Chandan Badapanda



Interdisciplinary Research Center, Institute of Phytopathology & Applied Zoology, Justus-Liebig-University of Giessen, Heinrich-Buff-Ring 26-32, 35392 Giessen, Germany.


Email; *Corresponding author


Article Type

Current Trends



Received January 21, 2013; Accepted January 28, 2013; Published February 21, 2013



The suppression subtractive hybridization (SSH) approach, a PCR based approach which amplifies differentially expressed cDNAs (complementary DNAs), while simultaneously suppressing amplification of common cDNAs, was employed to identify immune-inducible genes in insects. This technique has been used as a suitable tool for experimental identification of novel genes in eukaryotes as well as prokaryotes; whose genomes have been sequenced, or the species whose genomes have yet to be sequenced. In this article, I have proposed a method for in silico functional characterization of immune-inducible genes from insects. Apart from immune-inducible genes from insects, this method can be applied for the analysis of genes from other species, starting from bacteria to plants and animals. This article is provided with a background of SSH-based method taking specific examples from innate immune-inducible genes in insects, and subsequently a bioinformatics pipeline is proposed for functional characterization of newly sequenced genes. The proposed workflow presented here, can also be applied for any newly sequenced species generated from Next Generation Sequencing (NGS) platforms.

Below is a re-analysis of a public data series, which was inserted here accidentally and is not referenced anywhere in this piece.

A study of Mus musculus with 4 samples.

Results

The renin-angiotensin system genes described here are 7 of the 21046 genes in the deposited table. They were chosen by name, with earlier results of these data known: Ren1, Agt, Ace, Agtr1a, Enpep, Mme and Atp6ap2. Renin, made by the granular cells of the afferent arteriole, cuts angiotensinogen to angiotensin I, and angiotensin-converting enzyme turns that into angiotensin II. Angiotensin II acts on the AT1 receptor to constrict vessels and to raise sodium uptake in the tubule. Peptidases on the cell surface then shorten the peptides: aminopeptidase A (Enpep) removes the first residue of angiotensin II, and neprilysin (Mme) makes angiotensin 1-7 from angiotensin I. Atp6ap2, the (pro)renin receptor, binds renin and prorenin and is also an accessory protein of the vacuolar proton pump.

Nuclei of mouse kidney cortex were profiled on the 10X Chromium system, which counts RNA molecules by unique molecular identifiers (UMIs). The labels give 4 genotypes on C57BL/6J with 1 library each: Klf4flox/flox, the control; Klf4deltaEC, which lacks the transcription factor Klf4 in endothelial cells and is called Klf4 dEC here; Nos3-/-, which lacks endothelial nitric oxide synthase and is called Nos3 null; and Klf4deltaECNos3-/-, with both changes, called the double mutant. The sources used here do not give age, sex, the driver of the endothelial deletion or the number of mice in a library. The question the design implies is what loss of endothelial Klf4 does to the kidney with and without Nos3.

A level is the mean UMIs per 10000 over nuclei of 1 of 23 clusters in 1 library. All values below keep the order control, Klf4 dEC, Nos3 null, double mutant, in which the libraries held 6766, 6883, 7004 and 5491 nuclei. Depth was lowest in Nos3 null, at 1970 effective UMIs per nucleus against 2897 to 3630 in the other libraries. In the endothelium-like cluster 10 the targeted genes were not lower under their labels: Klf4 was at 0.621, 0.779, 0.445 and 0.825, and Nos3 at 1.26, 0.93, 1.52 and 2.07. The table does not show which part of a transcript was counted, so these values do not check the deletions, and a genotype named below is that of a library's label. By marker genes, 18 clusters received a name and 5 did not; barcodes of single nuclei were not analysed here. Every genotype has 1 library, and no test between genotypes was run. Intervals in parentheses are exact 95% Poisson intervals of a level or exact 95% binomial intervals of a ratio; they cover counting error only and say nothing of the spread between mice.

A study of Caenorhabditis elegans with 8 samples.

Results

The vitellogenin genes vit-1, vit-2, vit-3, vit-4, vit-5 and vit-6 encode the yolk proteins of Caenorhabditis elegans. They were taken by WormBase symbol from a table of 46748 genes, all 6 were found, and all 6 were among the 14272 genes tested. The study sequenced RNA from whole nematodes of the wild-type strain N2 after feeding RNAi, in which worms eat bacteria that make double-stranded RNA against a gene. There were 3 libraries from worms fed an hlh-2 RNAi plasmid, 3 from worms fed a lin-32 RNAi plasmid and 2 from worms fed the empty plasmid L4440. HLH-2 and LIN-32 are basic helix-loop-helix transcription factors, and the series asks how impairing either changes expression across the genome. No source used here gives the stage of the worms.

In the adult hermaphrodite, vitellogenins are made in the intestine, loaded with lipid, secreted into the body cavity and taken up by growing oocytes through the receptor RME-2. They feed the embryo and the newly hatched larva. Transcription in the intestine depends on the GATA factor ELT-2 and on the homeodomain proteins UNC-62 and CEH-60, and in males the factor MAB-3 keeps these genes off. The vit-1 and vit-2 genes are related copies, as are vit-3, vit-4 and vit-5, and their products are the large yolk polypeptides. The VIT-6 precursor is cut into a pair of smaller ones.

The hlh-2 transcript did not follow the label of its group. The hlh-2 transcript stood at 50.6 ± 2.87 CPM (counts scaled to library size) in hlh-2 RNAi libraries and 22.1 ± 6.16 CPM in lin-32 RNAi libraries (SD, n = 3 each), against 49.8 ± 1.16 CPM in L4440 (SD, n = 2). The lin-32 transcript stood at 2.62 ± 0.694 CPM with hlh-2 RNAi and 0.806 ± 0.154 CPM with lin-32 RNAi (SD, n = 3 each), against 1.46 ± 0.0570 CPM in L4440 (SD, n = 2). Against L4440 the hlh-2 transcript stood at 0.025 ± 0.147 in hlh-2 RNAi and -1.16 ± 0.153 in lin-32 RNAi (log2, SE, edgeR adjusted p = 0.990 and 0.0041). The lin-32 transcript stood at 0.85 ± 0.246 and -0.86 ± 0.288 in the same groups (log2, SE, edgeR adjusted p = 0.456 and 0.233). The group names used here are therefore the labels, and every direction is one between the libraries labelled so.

SSH, NGS, Immunity, Insects, Functional annotation, Bioinformatics.



Badapanda, Bioinformation 9(4): 216-221 (2013)


Edited by

P Kangueane






Biomedical Informatics



This is an Open Access article which permits unrestricted use, distribution, and reproduction in any medium, provided the original work is properly credited. This is distributed under the terms of the Creative Commons Attribution License.